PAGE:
Y9 History Trip to the Battlefields of Belgium & Northern France
By Giuliana R and Yara A F, Year 9
On the 3rd of March, the Year 9 history trip to Ypres had begun. We had all been told to meet at school at 04:30, where we would be allocated to our groups and coaches for the entire trip. We then made our way to Dover, which was around a 2 hour coach journey, hoping to get there at around 09:00. After the ferry arrived in Calais, we made our way to our first destination, Passchendaele Museum. After around an hour, we made our way to our other stop, Essex Farm and then travelled to Ypres Lodge, where we were staying.
The next day, we left the Lodge at around 08:00 and left to go to the Somme and Thiepval memorials. In the second half of our day, we spent our time in Ypres, visiting both Langemarck and Tyne Cot Cemetery. Arriving back at the Lodge at 19:00, we had dinner and then went at 20:00 to a memorial in Ypres to attend the Last Post Ceremony.
On our final day, we visited the Wellington Quarry in Arras at around 12:00 and left at 14:30 as we were going to depart from Calais at 15:20. However, our ferry was actually at 17:30, so we spent a lot of time in the Calais Cafe before boarding the ferry and going back to Dover. We then arrived back in London at around 20:30.
The highlights of the weekend were probably Passchendaele Museum, the Last Post Ceremony and the Wellington Quarry, even though the whole trip was extremely memorable and moving.
Passchendaele was very immersive as we walked through underground trenches and outdoor trenches. It really gave a small sense of how the soldiers had to live during the battles. The Last Post Ceremony was incredibly moving and it gave one a sense of pride to be watching it. Walking up the memorial after the ceremony was equally as important, as on the stairs many reefs of poppies (including the one our school brought) were laid out and it shows how this great tragedy brought people around the world together to pay their respects.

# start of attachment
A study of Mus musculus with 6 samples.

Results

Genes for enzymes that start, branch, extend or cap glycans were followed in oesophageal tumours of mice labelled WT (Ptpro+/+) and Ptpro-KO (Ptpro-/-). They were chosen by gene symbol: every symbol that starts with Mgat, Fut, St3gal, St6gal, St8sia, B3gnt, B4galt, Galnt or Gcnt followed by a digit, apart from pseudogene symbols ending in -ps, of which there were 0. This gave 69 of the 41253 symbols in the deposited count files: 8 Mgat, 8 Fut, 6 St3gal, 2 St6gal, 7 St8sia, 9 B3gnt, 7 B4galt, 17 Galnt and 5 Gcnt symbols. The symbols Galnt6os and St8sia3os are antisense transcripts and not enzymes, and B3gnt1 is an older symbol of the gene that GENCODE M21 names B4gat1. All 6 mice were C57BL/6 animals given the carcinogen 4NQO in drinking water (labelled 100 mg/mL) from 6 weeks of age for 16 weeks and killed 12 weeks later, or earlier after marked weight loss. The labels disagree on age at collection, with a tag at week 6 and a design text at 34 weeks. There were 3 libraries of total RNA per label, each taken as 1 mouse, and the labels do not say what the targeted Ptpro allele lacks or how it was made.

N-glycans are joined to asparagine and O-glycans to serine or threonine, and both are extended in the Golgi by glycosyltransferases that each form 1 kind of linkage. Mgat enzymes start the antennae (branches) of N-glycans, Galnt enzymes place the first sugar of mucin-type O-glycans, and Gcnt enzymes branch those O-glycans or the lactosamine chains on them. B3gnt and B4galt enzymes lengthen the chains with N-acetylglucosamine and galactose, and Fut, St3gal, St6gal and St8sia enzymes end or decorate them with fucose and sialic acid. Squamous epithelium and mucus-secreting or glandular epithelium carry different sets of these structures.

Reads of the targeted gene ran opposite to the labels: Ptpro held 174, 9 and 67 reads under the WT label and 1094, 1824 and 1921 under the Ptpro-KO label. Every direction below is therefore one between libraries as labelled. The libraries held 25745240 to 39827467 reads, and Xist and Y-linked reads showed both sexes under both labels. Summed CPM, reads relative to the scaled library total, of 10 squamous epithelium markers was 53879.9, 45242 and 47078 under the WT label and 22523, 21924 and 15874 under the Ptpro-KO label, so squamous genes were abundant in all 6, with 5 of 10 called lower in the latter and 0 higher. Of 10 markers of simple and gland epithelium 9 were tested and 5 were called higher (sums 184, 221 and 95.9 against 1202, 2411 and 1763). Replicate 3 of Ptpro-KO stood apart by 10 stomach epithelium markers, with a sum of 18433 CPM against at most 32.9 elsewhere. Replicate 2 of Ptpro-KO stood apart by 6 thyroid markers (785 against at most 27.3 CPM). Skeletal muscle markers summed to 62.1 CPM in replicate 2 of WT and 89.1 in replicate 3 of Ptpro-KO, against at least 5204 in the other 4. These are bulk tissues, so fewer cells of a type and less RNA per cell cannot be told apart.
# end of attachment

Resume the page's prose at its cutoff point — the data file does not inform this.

Lastly, the Wellington Quarry on the last day was fascinating but also incredibly touching. The tour guide had informed us that this quarry dated back to the 13th century, to mine limestone for building, but was later rediscovered by the New Zealand miners as a way to ambush the Germans. This tour around the Quarry was filled with narrations through our headsets, with videos playing on screens or being projected onto the stone walls, and an enthusiastic tour guide who explained everything to us as we walked. All the videos were very interesting and informative, all counting down and leading to the battle of Arras, however the last projection was probably the most emotional. It depicted the shadows of the soldiers waiting as their captain counted down until the battle. You could hear the soldiers praying and breathing heavily as they were faced with this deathly challenge, and at the end they all ran to the light and it stopped.